Biometric health pass standardization races against implementation clock
A new COVID-test app with biometric security has been developed, and the trial of another is expanding, but fears of a fragmented landscape are growing among a range of other concerns about how health passes will work.
Laboratory informatics provider CloudLIMS and digital identity company Folio have partnered to develop an integrated biometric mobile wallet to enable individuals to receive, store, and share COVID-19 test results with employers or government authorities.
The Folio Smart Wallet is available for iOS and Android devices from the App Store or Google Play, respectively, and along with CloudLIMS technology provides secure issuance of test results to customer’s smartphones, with security provided by native device biometrics.
The robust cloud solution from CloudLIMS also reduces the complexity of high-scale test result reporting, according to the announcement. Diagnostic laboratories can use the data management and workflow automation capabilities of CloudLIMS to maintain compliance with regulations and standards including HIPAA, CLIA, and ISO 15189:2012.
The integrated solution addresses concerns about lost or misplaced test results, or health information printed out or shared through email, with the Folio app generating a QR code for contactless validation.
British Airways expands trial of app with Daon biometrics
British Airways expanded its trial of Daon’s biometric mobile health app VeriFLY to all international flights arriving in the UK, in response to tightening border controls imposed by the UK government.
BA began using VeriFLY for flights between London at ten U.S. cities weeks ago. The app enables travelers to be fast-tracked through the airport after checking in at specially-designated desks, and protect their health data with mobile device-based biometrics.
The airline has also announced its parent company IAG is working with IATA on its IATA Travel Pass app, which was developed in collaboration with Evernym. The IATA Travel Pass is expected to be launched within weeks.
BA, American Airlines and oneworld are conducting a separate testing trial of some routes between the U.S. and UK.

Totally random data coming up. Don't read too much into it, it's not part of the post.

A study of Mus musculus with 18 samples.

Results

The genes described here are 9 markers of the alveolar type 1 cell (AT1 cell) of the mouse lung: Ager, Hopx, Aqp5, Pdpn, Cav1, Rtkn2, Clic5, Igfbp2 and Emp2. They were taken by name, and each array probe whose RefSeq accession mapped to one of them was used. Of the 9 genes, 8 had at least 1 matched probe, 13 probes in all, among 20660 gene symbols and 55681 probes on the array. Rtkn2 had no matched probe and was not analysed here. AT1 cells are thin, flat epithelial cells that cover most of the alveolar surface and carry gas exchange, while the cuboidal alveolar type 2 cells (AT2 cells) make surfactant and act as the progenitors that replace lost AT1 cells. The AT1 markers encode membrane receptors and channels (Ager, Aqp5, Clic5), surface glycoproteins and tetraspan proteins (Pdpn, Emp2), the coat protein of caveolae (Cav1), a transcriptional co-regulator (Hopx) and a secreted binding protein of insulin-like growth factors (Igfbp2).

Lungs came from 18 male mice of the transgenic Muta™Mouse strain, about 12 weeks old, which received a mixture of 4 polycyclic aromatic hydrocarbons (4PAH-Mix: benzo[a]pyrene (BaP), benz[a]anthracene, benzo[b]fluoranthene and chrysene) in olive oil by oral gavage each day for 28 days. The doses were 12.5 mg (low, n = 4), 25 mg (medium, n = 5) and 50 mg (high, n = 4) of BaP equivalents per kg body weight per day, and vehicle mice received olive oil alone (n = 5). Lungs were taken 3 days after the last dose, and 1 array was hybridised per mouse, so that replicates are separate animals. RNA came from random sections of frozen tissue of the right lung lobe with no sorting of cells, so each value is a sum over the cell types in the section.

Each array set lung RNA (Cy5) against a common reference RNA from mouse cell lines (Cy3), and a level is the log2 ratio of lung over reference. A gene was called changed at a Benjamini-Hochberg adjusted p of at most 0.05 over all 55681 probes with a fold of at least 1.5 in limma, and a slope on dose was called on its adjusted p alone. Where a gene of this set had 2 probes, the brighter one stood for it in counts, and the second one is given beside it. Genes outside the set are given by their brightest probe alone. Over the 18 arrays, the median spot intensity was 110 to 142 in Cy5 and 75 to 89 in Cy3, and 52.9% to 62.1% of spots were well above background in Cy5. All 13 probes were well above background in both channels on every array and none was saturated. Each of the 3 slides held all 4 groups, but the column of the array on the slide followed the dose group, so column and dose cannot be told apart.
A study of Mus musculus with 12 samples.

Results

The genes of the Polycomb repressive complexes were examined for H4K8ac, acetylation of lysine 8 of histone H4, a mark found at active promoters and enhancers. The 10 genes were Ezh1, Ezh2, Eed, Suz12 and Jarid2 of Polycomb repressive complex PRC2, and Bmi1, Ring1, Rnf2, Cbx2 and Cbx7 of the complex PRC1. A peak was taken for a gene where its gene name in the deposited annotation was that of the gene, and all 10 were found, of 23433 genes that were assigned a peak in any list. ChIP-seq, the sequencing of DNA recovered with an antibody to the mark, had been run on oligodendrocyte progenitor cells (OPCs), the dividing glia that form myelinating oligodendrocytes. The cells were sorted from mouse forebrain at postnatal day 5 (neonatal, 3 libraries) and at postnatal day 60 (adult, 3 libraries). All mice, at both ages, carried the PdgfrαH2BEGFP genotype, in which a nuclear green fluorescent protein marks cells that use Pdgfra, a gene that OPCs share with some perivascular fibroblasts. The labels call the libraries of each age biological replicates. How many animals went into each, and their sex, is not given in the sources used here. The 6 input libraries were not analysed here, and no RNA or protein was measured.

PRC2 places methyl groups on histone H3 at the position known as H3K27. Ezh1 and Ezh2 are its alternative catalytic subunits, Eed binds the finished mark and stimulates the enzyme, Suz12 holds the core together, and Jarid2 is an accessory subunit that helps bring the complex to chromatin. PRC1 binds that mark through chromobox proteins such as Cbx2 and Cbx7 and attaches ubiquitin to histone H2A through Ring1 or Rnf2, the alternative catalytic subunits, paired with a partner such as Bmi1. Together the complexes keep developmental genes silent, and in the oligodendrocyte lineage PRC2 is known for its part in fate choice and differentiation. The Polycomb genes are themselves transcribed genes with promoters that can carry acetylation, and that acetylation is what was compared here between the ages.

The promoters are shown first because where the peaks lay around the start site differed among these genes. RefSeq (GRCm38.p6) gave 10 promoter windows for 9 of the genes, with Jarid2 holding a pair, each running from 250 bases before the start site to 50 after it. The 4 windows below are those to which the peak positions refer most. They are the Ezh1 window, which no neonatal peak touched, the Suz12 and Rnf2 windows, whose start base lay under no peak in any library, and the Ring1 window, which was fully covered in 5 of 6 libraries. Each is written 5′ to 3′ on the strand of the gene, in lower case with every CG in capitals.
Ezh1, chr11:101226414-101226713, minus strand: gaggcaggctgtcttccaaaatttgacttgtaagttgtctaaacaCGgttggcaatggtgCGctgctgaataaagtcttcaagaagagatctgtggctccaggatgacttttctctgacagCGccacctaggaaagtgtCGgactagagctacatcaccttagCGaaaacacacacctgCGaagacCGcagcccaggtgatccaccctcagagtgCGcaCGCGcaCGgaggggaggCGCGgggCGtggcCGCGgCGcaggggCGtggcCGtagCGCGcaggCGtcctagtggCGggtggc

Royal Society sets 12 criteria
The Royal Society has outlined a dozen challenges for vaccine passports, along with corresponding criteria for their development and use.
Any credentials used to provide proof of vaccination should allow for differences between vaccines, and their effectiveness against COVID-19 variants in particular, and also be internationally standardized, with verifiable credentials and defined uses. They should be secure, interoperable, portable, affordable and legal, meeting ethical non-discrimination standards and with clear and accepted conditions of use, according to the Royal Society.
Any widely adopted system should protect not only health information, but biometric data, The Royal Society says, and the sensitivity of both kinds of data, along with the potential for public backlash, is noted.
As Forbes points out, standardization is likely to come quickly or not at all, with Greece leading a charge among EU nations to stand up an optional system which would allow tourists to bypass various virus control measures by the summer tourism season.
ID2020 announced the formation of a huge initiative to support standardization of robust usability and user control among digital health pass systems earlier this month.
The same article also notes that the biometrics and cloud-based technologies that are needed to back health passes are the same tools as can enable physical passport-free travel, and opportunities for digital identity in general.